Cybercrime Protection For Travelers

By on July 8, 2019 0 921Views

Summer is the peak travel season and travelers are flooding airports, train stations and hotels. Nearly all public locations offer WIFI now, but can you trust it? Experts are issuing a warning to be alert and careful when logging into the free accessible WIFI networks.

In a recent study, despite the security risks, in general, most people feel if the WIFI is available and free, they will use it. It is reported that 81 percent of respondents in America turn to public Wi-Fi either regularly or on occasion.

Cyber crooks are hoping that you cannot live without WIFI. It offers them the back door to your hackable personal data. With small simple devices, crooks can now easily have access to your personal information, credit cards and travel loyalty programs.

Charles Henderson, IBM X-Force Red Cyber Security Pro feels the accessible online world we live in can be a very temping trap. “It is very difficult to know if public WIFI is legit and a criminal can set up a fake public WIFI with a device very easily.”

When attempting to log in, it may say airport, hotel or coffee shop WIFI, but with one selection, the connection can give hackers access to everyone on your phone.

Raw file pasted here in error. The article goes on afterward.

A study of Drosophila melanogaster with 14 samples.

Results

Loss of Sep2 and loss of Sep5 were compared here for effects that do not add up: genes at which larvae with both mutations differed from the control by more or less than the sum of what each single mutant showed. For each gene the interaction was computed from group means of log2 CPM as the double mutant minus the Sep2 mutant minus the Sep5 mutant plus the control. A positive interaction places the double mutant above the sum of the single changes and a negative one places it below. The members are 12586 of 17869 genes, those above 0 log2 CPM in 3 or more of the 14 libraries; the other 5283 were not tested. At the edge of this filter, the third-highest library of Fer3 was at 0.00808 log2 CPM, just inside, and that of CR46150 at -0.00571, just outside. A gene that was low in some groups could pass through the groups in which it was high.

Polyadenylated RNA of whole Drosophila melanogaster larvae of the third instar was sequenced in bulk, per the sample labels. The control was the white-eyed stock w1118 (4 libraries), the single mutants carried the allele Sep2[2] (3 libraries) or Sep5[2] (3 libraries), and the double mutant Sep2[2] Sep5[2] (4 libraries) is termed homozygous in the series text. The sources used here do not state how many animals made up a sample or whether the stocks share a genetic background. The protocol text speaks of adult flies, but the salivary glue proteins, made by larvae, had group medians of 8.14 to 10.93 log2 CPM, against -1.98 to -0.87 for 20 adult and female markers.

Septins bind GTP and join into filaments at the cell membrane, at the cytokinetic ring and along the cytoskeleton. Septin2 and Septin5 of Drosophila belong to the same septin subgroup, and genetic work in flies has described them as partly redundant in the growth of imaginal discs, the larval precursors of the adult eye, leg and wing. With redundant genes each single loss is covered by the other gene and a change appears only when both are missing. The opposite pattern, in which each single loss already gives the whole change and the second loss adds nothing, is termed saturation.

Even if you stay off of WIFI, experts say you can still be at risk. Hackers are now targeting public USB charging stations with viruses that can easily steal your computer and phone data.

“It’s not just WIFI. Criminals can use a simple device to intercept all blu-tooth communications. Watch, phones, everything,” said Henderson.

There is a new tool that hackers are now using called a Stingray that literally hijacks users cell signal. The device when in active mode, mimics a wireless carrier cell tower in order to force all nearby mobile phones and other cellular data devices to connect to it.

Experts believe personal data has never been more at risk and they recommend the following-

-Stay off networks you do not know.

-If you chose to log in to public WIFI, look at the location posting that details the exact name of the network or ask an employee for the name of the WIFI offered.

-Avoid public charging stations and carry your personal battery charging device with you.

-Rip up used plane and baggage tickets.

-Make sure your security software is up-to-date.

-Keep your software up-to-date.

-Create strong passwords.

-Be careful of what you install.

-Sign up for account alerts.

-Don’t leave online services unlocked.